I wonder what the tipping point will be, what it is that finally convinces us to take a serious look at how we treat addicts. It's terrifying, though, knowing that more people are going to lose their battle before that happens.
Things like this make me wish I were in a position to change things. I consider politics every once in a while, and I know my dad is all for it. So much so, in fact, he occasionally suggests I join the military and I generally respond by staring at him with a look that says, "You're batshit insane, man." I could never, and I would never. I don't drive a car because I'm too afraid of killing somebody, and my dad thinks I would be able to tolerate being trained to kill?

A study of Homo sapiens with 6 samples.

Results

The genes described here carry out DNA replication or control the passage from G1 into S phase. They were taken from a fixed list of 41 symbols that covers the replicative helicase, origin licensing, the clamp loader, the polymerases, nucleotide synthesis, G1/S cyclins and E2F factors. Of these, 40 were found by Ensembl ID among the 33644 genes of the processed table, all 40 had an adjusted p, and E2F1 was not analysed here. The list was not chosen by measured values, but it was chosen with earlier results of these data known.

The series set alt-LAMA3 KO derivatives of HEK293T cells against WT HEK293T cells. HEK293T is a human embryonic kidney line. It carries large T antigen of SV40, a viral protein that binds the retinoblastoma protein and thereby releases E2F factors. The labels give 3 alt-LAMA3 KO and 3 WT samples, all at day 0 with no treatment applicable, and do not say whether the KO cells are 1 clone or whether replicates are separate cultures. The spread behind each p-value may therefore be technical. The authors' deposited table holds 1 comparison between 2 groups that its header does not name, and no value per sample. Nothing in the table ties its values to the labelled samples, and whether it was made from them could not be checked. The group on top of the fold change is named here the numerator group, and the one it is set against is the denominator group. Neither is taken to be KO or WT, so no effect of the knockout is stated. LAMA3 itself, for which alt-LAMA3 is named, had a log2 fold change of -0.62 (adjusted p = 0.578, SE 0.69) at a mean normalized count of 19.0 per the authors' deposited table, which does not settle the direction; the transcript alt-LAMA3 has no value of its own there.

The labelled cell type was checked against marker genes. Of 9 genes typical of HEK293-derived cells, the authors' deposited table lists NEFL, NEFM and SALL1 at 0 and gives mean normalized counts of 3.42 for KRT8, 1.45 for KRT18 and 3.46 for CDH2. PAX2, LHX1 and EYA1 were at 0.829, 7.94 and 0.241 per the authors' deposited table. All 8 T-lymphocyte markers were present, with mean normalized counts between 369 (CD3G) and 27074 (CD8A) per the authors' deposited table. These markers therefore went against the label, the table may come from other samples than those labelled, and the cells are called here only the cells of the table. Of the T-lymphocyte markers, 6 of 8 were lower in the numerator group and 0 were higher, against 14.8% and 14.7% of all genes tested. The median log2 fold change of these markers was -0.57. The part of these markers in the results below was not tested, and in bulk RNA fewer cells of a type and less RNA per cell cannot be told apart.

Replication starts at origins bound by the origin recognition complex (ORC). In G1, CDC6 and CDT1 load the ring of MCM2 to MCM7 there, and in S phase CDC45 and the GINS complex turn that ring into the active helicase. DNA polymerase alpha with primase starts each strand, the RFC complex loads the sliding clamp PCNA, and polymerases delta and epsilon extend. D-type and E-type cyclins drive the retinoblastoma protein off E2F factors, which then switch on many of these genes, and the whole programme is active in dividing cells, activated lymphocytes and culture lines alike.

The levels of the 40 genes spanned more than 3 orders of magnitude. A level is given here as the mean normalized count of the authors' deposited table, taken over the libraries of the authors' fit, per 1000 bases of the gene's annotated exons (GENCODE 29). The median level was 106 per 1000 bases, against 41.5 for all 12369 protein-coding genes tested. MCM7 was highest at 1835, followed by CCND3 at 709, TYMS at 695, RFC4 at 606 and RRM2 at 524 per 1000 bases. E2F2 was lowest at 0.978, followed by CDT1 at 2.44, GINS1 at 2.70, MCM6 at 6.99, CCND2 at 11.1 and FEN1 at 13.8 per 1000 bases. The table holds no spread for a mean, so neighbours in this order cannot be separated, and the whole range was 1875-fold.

Don't get me wrong, I'm not against the incredibly brave and selfless members of our military in any way, shape, or form. What they do for us is incredible. I'm just saying I couldn't be one of them.
I also don't think I could handle basic training in any way.
Not the point.
I'm not even sure of my point, actually.
I guess what I'm trying to say is that if I were to run for office I would try to influence change in how addiction is viewed and handled. Our current plan of attack is clearly not working and something needs to be done.
According to a little noticed January report from the Centers for Disease Control (CDC), drug overdoses killed more than 33,000 people in 2005, the last year for which firm data are available. That makes drug overdose the second leading cause of accidental death, behind only motor vehicle accidents (43,667) and ahead of firearms deaths (30,694).
Stop the Drug War - this article includes the quote above and some very interesting information regarding current addiction treatment.
And yes, as a person with chronic pain, I am 100% for the legalization of marijuana.